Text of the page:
Nagaland's Wokha District has been bustling with excitement since the first batch of Amur falcons arrived in the Doyang Reservoir area last week. Upon the arrival of their special guests, the villagers of Ashaa, Pangti and Sungro once again reaffirmed their last year’s commitment and dedication to protect the falcons with the support of Wildlife Trust of India (WTI) and the Nagaland Forest Department.
In their incredible journey, the Amur falcons (Falco amurensis), travel from Mongolia, roost in Nagaland for over a month before carrying onwards to the African sub-continent. A protected species under the Convention of Migratory Species (CMS), tens of thousands of these raptors congregate near the Doyang reservoir in Nagaland every year and this is believed to be the single largest congregation of Amur falcons recorded anywhere in India.
In 2012, reports from Conservation India highlighted that majority of the birds were being hunted, prompting a Rapid Action Project (RAP) to protect the birds by WTI and Natural Nagas with the assistance of the State Forest Department supported by CAF India. An awareness campaign was initiated to gain the local community's support and also sensitize them on the need to conserve the visiting guests. Awareness meetings conducted in different parts of Wokha emphasised the ecological and ethical importance of the Amur falcons and urged villagers to ensure safe passage of these migratory birds. The local community including the village council heads and local forest department authorities enthusiastically participated in this campaign demonstrating their support to the cause. Local churches also played a key role in spreading the message of compassion for Amur falcon, and thus motivating the community to come forward to protect the falcons during their roosting period in Nagaland.
An MoU was signed and a subsequent resolution passed by the village councils of Pangti, Ashaa and Sungro, making hunting Amur falcons illegal and punishable, which helped in reaching a zero mortality rate in Doyang, by the end of the birds' roosting period.
This year with the return of the birds to Nagaland a 'Welcome Programme' was organised by the Forest Department in the honour of the falcons on October 1, 2014, at Pangti village, with support from WTI and the District Administration. Forest Minister of Nagaland, Dr Nicky Kire as the Chief Guest inaugurated two watch towers- one constructed by the State Forest Department and the other by Nagaland Bamboo Mission- to witness the phenomenon of mass migration of these birds. The Minister also distributed the equipment given by WTI to the protection squads constituted in the roosting area.
Underlining success of conservation efforts, Ms. Zuthunglo Patton, DFO Doyang said,"Starkly against the general perception of Naga people being compulsive hunters, the success of Amur Falcon conservation has put Nagaland on the global map; and the sheer number of the Amur Falcon population here has made it the "Falcon Capital of the world". Focused and relentless awareness in the last one year has brought about this success. The communities of Pangti and adjoining villages in Wokha District have turned the spectacular migration of these magnificent birds into a lifetime opportunity for tourists whose jaws drop in utter amazement over the unforgettable sight ".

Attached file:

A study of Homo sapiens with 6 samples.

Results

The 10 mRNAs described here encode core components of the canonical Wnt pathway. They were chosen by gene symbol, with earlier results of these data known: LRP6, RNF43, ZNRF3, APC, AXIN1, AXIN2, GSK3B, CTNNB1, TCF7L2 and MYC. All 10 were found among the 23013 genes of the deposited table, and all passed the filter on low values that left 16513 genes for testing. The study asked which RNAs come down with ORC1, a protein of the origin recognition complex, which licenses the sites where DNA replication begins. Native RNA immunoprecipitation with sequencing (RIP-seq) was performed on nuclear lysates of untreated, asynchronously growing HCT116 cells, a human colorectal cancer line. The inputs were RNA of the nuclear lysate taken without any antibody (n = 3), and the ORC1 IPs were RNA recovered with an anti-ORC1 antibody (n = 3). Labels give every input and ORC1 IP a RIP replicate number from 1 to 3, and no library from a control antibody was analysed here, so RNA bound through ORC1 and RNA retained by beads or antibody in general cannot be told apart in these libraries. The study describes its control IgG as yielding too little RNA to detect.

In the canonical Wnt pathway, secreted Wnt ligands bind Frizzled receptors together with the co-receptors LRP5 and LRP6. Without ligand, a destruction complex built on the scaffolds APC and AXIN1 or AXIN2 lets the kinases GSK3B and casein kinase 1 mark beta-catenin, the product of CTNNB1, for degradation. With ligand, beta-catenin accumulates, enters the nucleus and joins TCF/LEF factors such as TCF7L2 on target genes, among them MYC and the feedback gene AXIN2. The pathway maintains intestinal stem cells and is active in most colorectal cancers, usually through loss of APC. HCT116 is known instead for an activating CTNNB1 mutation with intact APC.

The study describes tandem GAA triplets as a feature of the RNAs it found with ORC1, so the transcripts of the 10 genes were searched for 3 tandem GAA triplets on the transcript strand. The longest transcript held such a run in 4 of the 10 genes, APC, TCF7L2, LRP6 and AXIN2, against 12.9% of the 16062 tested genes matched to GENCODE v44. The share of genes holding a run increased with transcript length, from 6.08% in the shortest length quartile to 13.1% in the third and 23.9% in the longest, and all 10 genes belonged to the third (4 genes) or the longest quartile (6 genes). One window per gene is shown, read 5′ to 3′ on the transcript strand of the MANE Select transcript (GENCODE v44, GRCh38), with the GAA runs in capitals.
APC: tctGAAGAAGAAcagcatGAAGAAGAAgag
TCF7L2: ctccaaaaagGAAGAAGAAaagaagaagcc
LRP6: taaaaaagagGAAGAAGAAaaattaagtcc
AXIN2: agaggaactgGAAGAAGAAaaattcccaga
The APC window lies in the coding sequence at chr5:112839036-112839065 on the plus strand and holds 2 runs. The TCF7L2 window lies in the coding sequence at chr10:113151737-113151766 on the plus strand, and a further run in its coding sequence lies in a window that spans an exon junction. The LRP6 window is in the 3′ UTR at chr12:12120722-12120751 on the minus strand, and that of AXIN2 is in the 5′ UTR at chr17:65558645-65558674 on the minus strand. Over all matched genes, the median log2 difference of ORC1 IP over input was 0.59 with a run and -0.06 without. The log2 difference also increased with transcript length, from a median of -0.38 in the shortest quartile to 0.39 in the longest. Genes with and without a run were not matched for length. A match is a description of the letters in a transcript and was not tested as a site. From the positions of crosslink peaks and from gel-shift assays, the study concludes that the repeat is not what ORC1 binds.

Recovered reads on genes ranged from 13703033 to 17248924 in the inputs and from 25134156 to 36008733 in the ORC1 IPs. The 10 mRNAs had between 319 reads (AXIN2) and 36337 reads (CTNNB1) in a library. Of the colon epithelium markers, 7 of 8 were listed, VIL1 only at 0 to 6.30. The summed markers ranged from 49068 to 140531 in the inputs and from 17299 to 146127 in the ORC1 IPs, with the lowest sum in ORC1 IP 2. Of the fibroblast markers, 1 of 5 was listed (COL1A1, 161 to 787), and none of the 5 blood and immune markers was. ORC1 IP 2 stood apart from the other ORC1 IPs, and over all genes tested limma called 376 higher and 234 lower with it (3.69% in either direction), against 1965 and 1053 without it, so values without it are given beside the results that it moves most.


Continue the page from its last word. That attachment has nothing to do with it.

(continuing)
"The Welcome Programme served as a useful platform for discussing strategic plans for helping conserve the Amur falcons this year and in future as well. Last year, thanks to the wonderful support of the department and the villagers, we were able to form Protection Squads of around 30 former hunters. The same squads are going to patrol the area this year as well to make sure that all visiting falcons are safe, and not a single one is harmed," said Dr Jagdish Kishwan, Chief Advisor to the ED & CEO Wildlife Trust of India.
“The conservation wave for the protection of the migrating guests has already been ignited in this area. This signals a hope and a model through-out Nagaland in protecting the rich biodiversity of the state,” said Sunil Kyarong, Regional Head of Arunachal Pradesh, Meghalaya and Nagaland for WTI.
As a side corollary of the Amur falcon project, and to build trust of the local communities, an assessment will also be carried out on Human-Elephant Conflict (HEC) for mitigation solutions in the Bhagti Valley and Pangti area of Wokha District facing high degree of depredation from over 100 pachyderms trapped with no corridors or migration routes to exit. Last year, for the first time in Nagaland, a 'Grain for Grain' scheme was implemented in Pangti village of Wokha, through which support was provided in the form of grain for 99 families affected by elephant depredation.
As of now, after seeing the time line of Amur falcons arrival it was more than last year," said Dilip Deori, Assistant Manager, Wildlife Trust of India.
"The Amur falcons also stop in Dima Hasao, which is near Karbi Anglong, Assam, for a few weeks during October and November. During this period, the falcons are hunted and trade in Dima Hasao. Keeping the success of last year's awareness programmes, in Nagaland, a Rapid Action Project has also been started in the area to encourage locals to help conserve these birds which play an important role in the eco-system by helping check the insect population," said Radhika Bhagat, Head of the Wild Aid Division which carries out the Rapid Action Projects.
The RAP project team is going to hold consultative meetings with the Dima Hasao Autonomous Council members along with the Forest Department authorities and the local village heads. The team is also pushing for a resolution against hunting of Amur falcons in Umrangso.